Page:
The judge who pioneered the substance-abuse problem-solving court to help reunite families has urged the profession not to let the scheme ‘go under’ after it emerged that a national support unit set up only three years ago is to close.

Family drug and alcohol courts aim to tackle parental substance misuse when it is behind local authority decisions to bring care proceedings. Ten specialist teams are currently working in 15 courts covering 23 local authorities.

Judge crichton

Judge Nicholas Crichton

The first court was pioneered in London by district judge Nicholas Crichton in 2008. Crichton told the Gazette that a family justice system ‘that removes the fourth, fifth or sixth child from families without doing anything about the reasons for removal is a failing system. Getting government to understand that is actually quite a challenge’.

Sir James Munby, who retires as president of the family division next month, described FDACs as ‘one of the most important developments in family justice in the last 40 years’. However, he revealed last week that the FDAC National Unit, which supports the service, will close in September.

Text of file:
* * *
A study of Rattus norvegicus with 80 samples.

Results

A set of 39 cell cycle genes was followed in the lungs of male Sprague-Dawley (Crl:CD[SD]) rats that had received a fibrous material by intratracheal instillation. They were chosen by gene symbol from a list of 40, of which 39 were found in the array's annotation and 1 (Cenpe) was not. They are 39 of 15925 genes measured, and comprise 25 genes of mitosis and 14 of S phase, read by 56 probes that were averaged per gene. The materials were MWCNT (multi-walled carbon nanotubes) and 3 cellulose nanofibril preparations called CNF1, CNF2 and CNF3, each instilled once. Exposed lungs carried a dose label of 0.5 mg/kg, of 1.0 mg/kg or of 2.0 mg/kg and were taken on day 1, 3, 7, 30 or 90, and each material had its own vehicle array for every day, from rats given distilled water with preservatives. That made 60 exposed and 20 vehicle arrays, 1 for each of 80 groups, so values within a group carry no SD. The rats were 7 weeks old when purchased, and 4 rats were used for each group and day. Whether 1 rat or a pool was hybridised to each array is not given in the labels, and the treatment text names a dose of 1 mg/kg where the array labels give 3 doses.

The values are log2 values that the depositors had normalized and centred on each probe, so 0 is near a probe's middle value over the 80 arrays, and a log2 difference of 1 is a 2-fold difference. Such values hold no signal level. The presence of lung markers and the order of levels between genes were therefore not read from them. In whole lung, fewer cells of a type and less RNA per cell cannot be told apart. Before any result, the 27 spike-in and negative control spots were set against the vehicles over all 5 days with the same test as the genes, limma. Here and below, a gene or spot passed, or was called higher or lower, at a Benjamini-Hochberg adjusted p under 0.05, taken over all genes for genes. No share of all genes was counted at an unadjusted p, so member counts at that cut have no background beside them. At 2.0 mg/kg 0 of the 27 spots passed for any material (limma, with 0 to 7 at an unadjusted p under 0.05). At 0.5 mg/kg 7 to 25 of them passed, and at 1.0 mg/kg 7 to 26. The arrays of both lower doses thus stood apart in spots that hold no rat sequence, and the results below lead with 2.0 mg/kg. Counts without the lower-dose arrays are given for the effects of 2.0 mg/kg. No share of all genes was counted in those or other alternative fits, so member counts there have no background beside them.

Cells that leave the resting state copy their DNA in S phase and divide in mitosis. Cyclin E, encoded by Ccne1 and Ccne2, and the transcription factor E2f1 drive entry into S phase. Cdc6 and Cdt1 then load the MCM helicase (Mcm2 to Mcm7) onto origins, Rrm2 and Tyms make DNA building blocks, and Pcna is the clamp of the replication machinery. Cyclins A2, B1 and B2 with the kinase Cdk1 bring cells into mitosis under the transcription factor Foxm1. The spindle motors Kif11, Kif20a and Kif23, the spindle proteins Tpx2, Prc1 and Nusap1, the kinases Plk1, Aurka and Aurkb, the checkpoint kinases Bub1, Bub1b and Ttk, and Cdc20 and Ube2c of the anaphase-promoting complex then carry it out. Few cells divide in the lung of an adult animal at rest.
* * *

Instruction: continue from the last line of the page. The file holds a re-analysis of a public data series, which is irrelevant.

The national unit costs £250,000 a year to run. ‘We cannot let it fall down for what is back-pocket small change for a government department,’ Crichton said.

Independent evaluations show that FDAC saves local authorities who support the problem-solving model £2.30 for every £1 spent. Crichton believes the savings are greater.

A mother with drug or alcohol issues may keep having children ‘in the vain hope that she will be able to keep one’, he said. ‘If she keeps a child she does not keep having children; she does not keep having children who will go into the care system. If we can cut off the supply by enabling this mum to hold on to this child, we’re saving a hell of a lot more than £2.30.’

Steve Bambrough, FDAC national unit director, said removing national support from the FDAC model will result in consistency being lost for vulnerable families addressing trauma, substance misuse, mental illness and domestic violence.

Complex problems require support and oversight, especially for those local authorities setting up new FDACs, Bambrough said. ‘Without the right support we risk losing a very special service that works and has provided hope for many people in the worst of times.’